Atmospheric nuclear test detonations conducted by USA, USSR, UK, France and China, 1945–1980, generated radioactive particles that were dispersed by weather patterns, returning to earth as fallout. People who lived ‘downwind’ face ongoing risks from their exposure to ionizing radiation, as well as psychological, social, cultural and political distress. However, testing states obscured these humanitarian consequences by claiming that fallout could be contained to specific spatial zones, that there are ‘thresholds’ below which radiation exposure has negligible health impacts and that socio-political forms of harm should be disregarded. While the scientific consensus concludes fallout circulates in complex, nonlinear patterns; there is no safe level of radiation exposure; and nuclear testing can generate tremendous anxiety, what Liboiron calls ‘threshold thinking’ continues to underlie policies ostensibly assisting victims of nuclear weapons. This article offers examples from responses to French Pacific nuclear testing, showing how access to compensation and other assistance has often been conditioned on threshold qualifications that function to limit downwind communities’ access to assistance and remedy. Victim assistance and environmental remediation obligations in the 2017 Treaty on the Prohibition of Nuclear Weapons offer opportunities to move beyond reductive policy logics to multifaceted, human rights-based approaches to affected communities’ concerns.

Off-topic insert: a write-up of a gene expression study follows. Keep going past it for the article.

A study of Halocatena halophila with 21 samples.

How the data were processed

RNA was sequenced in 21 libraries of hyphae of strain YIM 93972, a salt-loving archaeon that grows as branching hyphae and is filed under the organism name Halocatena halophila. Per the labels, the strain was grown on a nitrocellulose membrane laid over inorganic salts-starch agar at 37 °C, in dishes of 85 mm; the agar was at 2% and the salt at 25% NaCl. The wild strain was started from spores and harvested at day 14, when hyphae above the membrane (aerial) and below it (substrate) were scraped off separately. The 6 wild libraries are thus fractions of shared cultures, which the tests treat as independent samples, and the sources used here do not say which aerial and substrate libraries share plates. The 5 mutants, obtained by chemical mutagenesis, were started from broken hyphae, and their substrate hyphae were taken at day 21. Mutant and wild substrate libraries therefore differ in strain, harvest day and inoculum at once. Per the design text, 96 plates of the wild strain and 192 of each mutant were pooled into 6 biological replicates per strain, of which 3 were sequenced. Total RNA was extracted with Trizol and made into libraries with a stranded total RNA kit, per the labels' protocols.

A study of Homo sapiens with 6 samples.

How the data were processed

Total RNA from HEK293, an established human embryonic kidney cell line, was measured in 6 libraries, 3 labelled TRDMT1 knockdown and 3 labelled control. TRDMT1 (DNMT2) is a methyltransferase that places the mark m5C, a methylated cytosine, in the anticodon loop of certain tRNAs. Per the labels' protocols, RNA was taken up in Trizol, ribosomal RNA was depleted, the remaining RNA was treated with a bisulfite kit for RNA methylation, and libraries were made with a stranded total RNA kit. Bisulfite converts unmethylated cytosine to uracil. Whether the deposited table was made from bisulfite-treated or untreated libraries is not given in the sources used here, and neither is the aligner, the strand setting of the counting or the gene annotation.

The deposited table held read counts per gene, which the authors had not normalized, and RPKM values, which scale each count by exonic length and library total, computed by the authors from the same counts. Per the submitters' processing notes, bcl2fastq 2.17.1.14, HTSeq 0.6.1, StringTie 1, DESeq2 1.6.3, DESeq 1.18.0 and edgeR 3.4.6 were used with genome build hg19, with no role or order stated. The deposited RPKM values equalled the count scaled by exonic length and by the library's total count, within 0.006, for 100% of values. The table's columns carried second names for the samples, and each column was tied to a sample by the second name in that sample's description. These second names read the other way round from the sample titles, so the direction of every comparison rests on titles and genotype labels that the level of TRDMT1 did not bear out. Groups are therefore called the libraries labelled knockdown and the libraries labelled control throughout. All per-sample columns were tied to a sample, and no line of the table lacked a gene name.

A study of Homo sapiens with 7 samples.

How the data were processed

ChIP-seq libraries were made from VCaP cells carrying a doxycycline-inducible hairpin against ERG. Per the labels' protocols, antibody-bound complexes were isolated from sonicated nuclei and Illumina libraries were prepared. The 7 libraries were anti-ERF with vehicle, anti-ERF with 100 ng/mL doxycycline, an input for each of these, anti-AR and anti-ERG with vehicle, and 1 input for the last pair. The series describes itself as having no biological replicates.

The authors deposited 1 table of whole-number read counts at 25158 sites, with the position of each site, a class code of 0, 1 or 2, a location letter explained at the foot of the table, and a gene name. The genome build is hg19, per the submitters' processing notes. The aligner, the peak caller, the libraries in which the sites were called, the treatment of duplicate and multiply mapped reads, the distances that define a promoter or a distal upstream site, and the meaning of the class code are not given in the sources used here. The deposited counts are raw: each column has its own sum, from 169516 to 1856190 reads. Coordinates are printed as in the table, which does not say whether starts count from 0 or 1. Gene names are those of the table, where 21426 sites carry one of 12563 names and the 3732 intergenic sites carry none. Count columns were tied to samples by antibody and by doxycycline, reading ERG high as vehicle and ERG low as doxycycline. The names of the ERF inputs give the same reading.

- Policy making on assistance to victims of nuclear weapons testing must put the voices of survivors themselves – rather than the structures responsible for the test program – at the center of the conversation, taking seriously the disability rights slogan ‘Nothing about us, without us’.
- Policy makers should avoid designing policies of assistance to victims of nuclear testing that limit eligibility to people living in pre-determined spatial zones, given the widespread dispersal and non-linear circulation of radioactive fallout.
- Victim assistance policy making should start from the presumption that there is no threshold below which exposure to radiation is safe, or politically unimportant.
- Decision-makers should not deny access to benefits based on qualifying threshold radiation doses; such policies may discriminate against women and girls; Indigenous Peoples; and those with genetic predispositions to cancer.
- Global standards of ‘permissible doses’ of radiation protection – based on a trade-off for the claimed benefits of peaceful uses of nuclear energy – should not be used to evade responsibility for the harms of nuclear weapons activities.
- Policy makers should design victim assistance programs that recognize and remedy the complex medical, psychological, social, political and economic harms of nuclear test programs.
- Policy makers, associations of nuclear weapons survivors, civil society organizations and scientists should consider using the forums offered by the Treaty on the Prohibition of Nuclear Weapons to build more holistic and human rights-based approaches to assisting victims of nuclear weapons activities.